In April 2016, Ramon Lucero, Jr., a long-time WEFTA volunteer and Project Manager at Souder, Miller & Associates, visited four communities in Chiapas, Mexico to evaluate current water needs and review the status of each community’s success in maintaining water systems designed and constructed with WEFTA support over the past seven years. WEFTA has provided safe drinking water for over 290 homes and 3,000 people in Chiapas since 2010.
Miguel Hidalgo, Chiapas, Mexico – 5 Years of Safe Water
It was 5 years ago that the Village of Miguel Hidalgo, a community of 150 homes, completed a new water system project with the help of WEFTA. This Zapatista community is located in the middle of the jungle with the best mode of transportation being a small, motorized boat.
Prior to bringing the waterline into the community, the women and children gathered their water from an arroyo at the bottom of a steep bank near the community. Due to the heavy rains in the region, the water was often the color of chocolate milk and full of silt from the runoff.
Today, members of the community are successfully maintaining the WEFTA-built water system, and remain as appreciative of the water system now as they were when it was first installed. As a result of the project, the community has seen a decline in water borne illnesses, especially to the infants and the elderly.
Laguna Chum Cerro, Chiapas, Mexico – Drinking Water, Latrines and Showers Going Strong
Laguna Chum Cerro is a community of approximately 20 families. Since 2010, WEFTA has teamed with the community and made multiple trips to help construct and install waterlines, a water storage tank, latrines and showers. During the April 2016 visit to Chiapas, WEFTA completed a thorough inspection of the entire water system and the latrines.
Community members from Laguna Chum Cerro remain grateful to WEFTA for providing them with safe drinking water and latrines. The addition of these latrines provides a long-term solution to the protection of ground and surface water sources in and around the community.
Benito Juarez Miramar, Chiapas, Mexico – Successful Start, But Funding Needed
The Community of Benito Juarez Miramar, with approximately 55 homes, still has unfinished projects. While most of the communities that WEFTA helps will grow and need to continually maintain the systems put in place, Benito Juarez Miramar is still in need of funding to complete their latrine project. The Schumacher Foundation and WEFTA have donated approximately $45,000 to construct the 53 needed latrines. Thirty-three of these latrines were last year, however, the remaining twenty are still in need of plumbing materials and additional funding for labor. WEFTA is in search of sponsors to help fund the additional latrines and an extension to the existing water system in order to meet the needs of more families.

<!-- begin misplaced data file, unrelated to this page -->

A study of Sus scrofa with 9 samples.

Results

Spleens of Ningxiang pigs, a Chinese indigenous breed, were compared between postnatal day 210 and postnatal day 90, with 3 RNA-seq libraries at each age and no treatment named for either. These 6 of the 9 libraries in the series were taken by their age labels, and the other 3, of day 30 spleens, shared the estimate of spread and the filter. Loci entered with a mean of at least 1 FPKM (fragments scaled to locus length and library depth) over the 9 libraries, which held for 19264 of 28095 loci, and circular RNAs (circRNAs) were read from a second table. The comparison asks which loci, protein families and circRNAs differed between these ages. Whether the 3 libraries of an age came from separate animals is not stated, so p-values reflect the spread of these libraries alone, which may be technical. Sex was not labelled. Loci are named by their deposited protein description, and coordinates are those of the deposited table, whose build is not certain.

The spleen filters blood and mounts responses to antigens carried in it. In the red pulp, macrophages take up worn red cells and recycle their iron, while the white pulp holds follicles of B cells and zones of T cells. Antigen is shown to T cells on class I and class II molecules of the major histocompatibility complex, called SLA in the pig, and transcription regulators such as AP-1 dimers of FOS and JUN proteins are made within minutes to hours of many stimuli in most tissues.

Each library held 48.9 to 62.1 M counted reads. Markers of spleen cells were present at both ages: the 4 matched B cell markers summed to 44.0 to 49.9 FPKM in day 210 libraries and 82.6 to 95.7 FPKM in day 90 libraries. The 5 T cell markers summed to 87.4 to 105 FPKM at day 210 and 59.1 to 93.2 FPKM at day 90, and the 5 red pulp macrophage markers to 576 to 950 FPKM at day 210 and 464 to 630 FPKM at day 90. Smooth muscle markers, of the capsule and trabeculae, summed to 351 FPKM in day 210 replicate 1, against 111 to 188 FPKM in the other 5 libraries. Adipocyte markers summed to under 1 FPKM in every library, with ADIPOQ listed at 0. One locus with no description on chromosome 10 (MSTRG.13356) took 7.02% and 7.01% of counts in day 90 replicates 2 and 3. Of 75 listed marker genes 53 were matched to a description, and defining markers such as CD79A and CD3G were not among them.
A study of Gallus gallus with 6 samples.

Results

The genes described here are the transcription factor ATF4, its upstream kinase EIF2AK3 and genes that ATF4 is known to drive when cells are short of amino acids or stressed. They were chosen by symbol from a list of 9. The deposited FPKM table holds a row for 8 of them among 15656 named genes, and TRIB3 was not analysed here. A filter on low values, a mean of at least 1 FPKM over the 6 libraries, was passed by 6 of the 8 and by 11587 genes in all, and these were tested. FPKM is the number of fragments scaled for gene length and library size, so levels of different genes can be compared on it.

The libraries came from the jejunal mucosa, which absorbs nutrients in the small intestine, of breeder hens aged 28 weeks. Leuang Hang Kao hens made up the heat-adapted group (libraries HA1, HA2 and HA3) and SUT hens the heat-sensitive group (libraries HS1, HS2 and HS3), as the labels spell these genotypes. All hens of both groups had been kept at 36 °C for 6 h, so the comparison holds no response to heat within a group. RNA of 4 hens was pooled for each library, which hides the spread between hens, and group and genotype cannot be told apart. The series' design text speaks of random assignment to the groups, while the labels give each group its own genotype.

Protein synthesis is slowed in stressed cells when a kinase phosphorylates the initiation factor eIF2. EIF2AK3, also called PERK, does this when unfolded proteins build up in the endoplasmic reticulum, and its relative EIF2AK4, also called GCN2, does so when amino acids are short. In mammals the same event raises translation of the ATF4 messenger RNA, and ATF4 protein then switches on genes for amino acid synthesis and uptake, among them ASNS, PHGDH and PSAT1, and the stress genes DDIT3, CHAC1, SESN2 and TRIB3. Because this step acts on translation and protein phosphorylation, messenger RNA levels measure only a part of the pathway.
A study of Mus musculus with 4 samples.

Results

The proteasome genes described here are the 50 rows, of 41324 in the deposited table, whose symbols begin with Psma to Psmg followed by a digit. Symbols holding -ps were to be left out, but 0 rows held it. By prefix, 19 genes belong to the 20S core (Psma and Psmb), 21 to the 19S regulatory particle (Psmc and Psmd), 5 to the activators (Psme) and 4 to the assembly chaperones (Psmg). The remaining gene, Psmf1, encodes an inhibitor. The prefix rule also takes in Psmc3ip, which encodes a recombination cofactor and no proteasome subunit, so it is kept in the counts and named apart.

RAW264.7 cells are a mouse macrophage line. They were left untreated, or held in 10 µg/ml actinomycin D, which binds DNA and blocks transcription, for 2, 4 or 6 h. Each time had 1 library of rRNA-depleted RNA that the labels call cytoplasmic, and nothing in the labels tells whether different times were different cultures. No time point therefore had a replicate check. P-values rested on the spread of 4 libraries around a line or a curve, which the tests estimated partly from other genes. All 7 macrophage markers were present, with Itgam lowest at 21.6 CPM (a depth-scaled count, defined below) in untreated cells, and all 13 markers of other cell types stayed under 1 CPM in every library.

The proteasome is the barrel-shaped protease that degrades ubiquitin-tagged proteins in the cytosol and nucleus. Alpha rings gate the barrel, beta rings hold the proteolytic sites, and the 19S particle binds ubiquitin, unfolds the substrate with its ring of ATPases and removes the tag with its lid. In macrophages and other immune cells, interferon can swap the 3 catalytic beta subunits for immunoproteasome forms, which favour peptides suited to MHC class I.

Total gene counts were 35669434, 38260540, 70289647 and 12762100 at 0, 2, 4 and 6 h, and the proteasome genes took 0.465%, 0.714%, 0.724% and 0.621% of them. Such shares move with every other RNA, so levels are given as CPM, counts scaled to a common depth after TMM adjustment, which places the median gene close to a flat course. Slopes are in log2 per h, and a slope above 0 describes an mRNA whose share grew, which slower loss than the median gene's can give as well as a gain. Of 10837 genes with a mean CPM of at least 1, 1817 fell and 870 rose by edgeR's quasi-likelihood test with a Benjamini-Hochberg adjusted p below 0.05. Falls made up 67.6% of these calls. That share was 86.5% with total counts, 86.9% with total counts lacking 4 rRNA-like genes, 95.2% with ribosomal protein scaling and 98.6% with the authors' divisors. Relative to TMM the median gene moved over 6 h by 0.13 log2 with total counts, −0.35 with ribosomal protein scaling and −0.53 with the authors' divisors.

Tierra y Libertad, Chiapas, Mexico – Planning for a Better Future
During a recent trip, WEFTA volunteers compiled a detailed material list and cost estimate to complete a Water System Improvement Project for Tierra y Libertad, a small community consisting of approximately 65 homes. The Tierra y Libertad water system improvement project will include a spring catchment system encompassing four distinct springs. From the spring catchment system, water will gravity flow through a transmission line to a water storage tank. From the water storage tank, water will gravity flow to each home where a water spigot will be installed just outside of each dwelling.
To read more about our ongoing involvement in Mexico check out our page: Mexico.